Finding Antarctica

My 10-year high school reunion is coming up next year. I had a dream the other night about attending it.  We had all gathered in our old high school/junior high (our district was so small that grades 7-12 were taught in different wings of the same building) and, to celebrate 10 years out of school, were cleaning the place top to bottom. My old classmates were laughing and joking around about their school days. I washed the counters with a quiet smile not sure what to say.

I spent seven years on a visitors pass, so to speak, in that school district.  Like an Emperor Penguin living in a savannah I plopped down into their world at the beginning of the sixth grade.  The first year or two I actively didn’t belong. After that the teasing subsided and I was simply left alone, a quiet, slightly befuddled penguin diving for fish in the dry grass. In my last couple of years at that school I counted down the years, months, weeks, days until graduation. I couldn’t wait to disengage and never look back. It wasn’t a bad place; there were no bad people. It was simply a poor fit for who I was then.

Even as a deep introvert there have been people with whom I clicked into place the first time we met. If one listens there is almost an audible pop as a burgeoning friendship snaps together. This didn’t happen there. I stumbled across some friends, yes, one or two of which I’ve even recently started to chat with once again. It never made me any less penguin, though.

To re-interpret one of my favourite quotes*: as deep a cavern as loneliness carved within me during those years, this is my capacity for happiness and belonging now. As hard it as it was to be a visitor for so long I wouldn’t change my experiences there for anything. The person I was then is not who I am today in a myriad of (good) ways. I’ve found and am finding Antartica.

Before the dream I was feeling vaguely guilty for not wanting to re-connect at the reunion. I want to want to catch up with everyone. Reunions seem like the sort of thing that one just does, like sending thank-you notes, giving up a seat on the bus to someone who needs it more, or believing that a niece or nephew is the smartest, kindest, and funniest child in North America. 😉

The desire to do so is nowhere to be found, though. Not to sound callous, but if I couldn’t bond with my 80-ish classmates over the seven years we went to school together I doubt it will ever happen and would much rather spend my vacation time (and airfare/hotel money) with and on friends and family.

Why, then, do I still feel a tinge of guilt over this decision? If you’ve ever had similar emotions about something you really did not want to do, please share!

*The actual quote:

As deep a cavern as sorrow has carved within you, this will be your capacity for joy. P. L. Reilly


  1. Twyseschoch

    in planning my reunion a few months ago, i had a few people email me and let me know that they liked the facebook group, or the spreadsheet of everyone’s addresses to see where they lived, but they weren’t interested in attending. they cited reasons similar to yours, and that was so fine with me!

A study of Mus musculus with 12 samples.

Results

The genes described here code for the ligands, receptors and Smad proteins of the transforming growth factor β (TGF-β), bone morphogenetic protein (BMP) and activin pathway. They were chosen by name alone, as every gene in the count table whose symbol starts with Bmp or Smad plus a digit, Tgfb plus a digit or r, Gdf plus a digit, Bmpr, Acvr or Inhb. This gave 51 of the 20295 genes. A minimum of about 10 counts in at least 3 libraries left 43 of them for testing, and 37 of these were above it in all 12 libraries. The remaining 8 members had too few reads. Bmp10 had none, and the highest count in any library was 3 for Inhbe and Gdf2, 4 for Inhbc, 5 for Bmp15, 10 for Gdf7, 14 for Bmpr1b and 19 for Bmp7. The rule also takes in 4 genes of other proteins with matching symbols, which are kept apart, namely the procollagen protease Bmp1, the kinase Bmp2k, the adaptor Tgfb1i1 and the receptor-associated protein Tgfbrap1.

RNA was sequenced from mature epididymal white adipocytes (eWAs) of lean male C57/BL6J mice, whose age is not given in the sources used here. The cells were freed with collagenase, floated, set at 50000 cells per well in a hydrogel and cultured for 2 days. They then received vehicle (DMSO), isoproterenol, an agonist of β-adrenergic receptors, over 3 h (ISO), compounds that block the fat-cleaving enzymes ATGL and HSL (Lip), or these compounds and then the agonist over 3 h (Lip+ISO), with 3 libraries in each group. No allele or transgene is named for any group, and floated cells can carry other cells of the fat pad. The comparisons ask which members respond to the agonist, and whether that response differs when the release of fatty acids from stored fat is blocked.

it takes a certain amount of emotional energy to go to these things. there were years i went and loved it, and years i used a convenient excuse to not go. the cost is not only in money and vacation time, but in emotions as well.

    i have done way too many things out of guilt. i’m trying to give all that up. it’s interesting now it feels to let some of those things go … weights are lifted that i didn’t even know were there.

  2. teresa

    How interesting. I have many of the same feelings you do. This next year will be my 40th reunion and I have yet to attend my FIRST one. I have lived close the distance was never an issue. I am still marginal friends with quite a few of my past classmates, so I know that there would be people to interact with, and it would be cordial, but that is not the issue for me.

    I’ve even been asked point blank WHY? I didn’t attend…by some who had attended. I just tell them that I am just not ‘into’ that kind of thing. I’m a very social person and normally would not turn down a chance for any kind of get together. This is the one exception. I am not close friends with any of my classmates and probably would not choose to socialize with them normally, so I always think it seems like a ridiculous choice to go to one of these affairs. I don’t make a judgement about those who DO attend…that’s their’s just not mine!

    I agree with your mom about not doing things out of guilt…or to satisfy other people. I have done things that way for years, and am trying to live a different way now. It feels much better, too!

  3. Thank you both! It’s a real weight off my shoulders. I needed to hear that my feelings on this are normal and that it’s ok to not attend class reunions.

    • Twyseschoch

      I actually think that its more common to feel as you do, than to be excited for the reunions. we had about 25% of our class attend this last one, and I bet that some of those who attended were ambivalent about going. so we can safely say that less than 1 in 5 people really want to go to the reunions.

      however, my guess is that a lot of people who don’t like the reunions, don’t mind a facebook group or some other means of staying in touch that is less personal.